Well, it’s apple harvest season once again! The whole year I prepare for the Fall Harvest. The Autumn air is crisp and clear, and the fruit is swiftly ripening. Some apples are already dropping from the trees, and that is a sure sign that it’s time to harvest.
I shake the apples off the trees onto tarps with a long, hooked pole instead of hand-picking them. I do this for several reasons.
1. I don’t have enough help to hand-pick apples. It has become more difficult to attract people who want to work outside. I offer a good wage, but even that hasn’t attracted workers. You need a lot of help to hand-pick apples.
2. Shaking apples off a tree only removes the apples that are ripe. The unripe apples remain on the tree. I come back and shake the trees again over a two-week period until all the apples are harvested. This ensures that only perfectly ripe apples are picked.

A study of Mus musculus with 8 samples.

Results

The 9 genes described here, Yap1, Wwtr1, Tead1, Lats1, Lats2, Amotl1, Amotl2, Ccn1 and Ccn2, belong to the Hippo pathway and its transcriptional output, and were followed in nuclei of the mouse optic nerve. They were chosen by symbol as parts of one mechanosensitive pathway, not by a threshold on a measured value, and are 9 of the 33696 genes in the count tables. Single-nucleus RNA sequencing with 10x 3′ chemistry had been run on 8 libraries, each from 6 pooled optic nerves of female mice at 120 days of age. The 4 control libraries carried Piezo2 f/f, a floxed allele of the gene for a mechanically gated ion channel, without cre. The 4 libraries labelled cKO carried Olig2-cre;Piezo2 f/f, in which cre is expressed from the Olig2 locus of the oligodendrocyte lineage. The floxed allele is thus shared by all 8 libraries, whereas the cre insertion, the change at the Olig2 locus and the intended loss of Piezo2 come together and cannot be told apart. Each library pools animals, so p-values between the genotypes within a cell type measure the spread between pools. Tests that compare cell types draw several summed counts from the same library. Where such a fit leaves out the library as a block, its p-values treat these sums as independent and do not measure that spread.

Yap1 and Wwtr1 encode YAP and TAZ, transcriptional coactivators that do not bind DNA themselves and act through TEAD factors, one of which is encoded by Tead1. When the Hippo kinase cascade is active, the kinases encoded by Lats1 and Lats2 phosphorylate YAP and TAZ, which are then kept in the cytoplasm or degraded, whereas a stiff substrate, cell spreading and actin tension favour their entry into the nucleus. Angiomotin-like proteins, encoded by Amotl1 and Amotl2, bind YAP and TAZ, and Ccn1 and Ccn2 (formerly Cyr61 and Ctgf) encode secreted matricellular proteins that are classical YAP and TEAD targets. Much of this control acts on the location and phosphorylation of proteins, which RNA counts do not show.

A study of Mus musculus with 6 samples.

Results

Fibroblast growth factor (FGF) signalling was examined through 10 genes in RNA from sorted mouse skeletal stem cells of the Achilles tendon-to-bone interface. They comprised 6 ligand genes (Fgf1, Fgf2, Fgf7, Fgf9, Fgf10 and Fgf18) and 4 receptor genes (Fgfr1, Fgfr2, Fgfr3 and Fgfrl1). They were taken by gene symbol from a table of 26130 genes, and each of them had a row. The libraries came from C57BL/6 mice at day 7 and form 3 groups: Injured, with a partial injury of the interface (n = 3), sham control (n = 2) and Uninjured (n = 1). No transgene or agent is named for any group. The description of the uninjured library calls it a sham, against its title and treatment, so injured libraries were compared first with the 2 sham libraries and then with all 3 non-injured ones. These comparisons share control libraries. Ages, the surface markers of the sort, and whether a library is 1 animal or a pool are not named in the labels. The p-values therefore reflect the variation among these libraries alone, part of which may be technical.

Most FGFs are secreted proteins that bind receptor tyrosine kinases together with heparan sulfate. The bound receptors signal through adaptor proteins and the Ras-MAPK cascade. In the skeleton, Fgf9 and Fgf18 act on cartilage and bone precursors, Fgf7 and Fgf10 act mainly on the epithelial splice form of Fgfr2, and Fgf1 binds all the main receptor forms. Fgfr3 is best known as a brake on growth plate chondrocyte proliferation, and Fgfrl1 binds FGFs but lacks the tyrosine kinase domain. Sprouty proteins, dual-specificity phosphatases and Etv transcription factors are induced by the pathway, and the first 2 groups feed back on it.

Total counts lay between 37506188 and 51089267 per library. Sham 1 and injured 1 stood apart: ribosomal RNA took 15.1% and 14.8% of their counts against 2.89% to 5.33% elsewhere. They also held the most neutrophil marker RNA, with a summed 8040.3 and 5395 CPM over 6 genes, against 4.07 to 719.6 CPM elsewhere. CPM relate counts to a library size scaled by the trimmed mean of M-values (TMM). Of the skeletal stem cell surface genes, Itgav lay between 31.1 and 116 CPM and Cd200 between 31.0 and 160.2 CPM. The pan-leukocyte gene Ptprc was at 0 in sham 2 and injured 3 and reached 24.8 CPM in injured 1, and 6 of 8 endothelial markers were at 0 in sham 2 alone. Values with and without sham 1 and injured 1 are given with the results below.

3. I’m not selling fresh-eating apples. So, it doesn’t matter if the fruit isn’t perfect looking. I convert all my apples into vinegar. Apples that drop from the tree onto a tarp may become bruised just a little bit, but some bruising helps the apple become softer for grinding and pressing into juice.
4. Shaking apples off trees is a method I learned while studying traditional cider and vinegar crafting in England. The English Master Brewers also hit the trees with poles to dislodge fruit, but I feel that’s too violent for the poor tree. I just shake the branches and fruit comes tumbling down. Sometimes I wear a hard-hat to protect my head!
Harvest season is an extraordinary time of year for any farmer, but especially for apple growers. The juicy, ripe fruit is a beautiful reminder of nature’s abundance.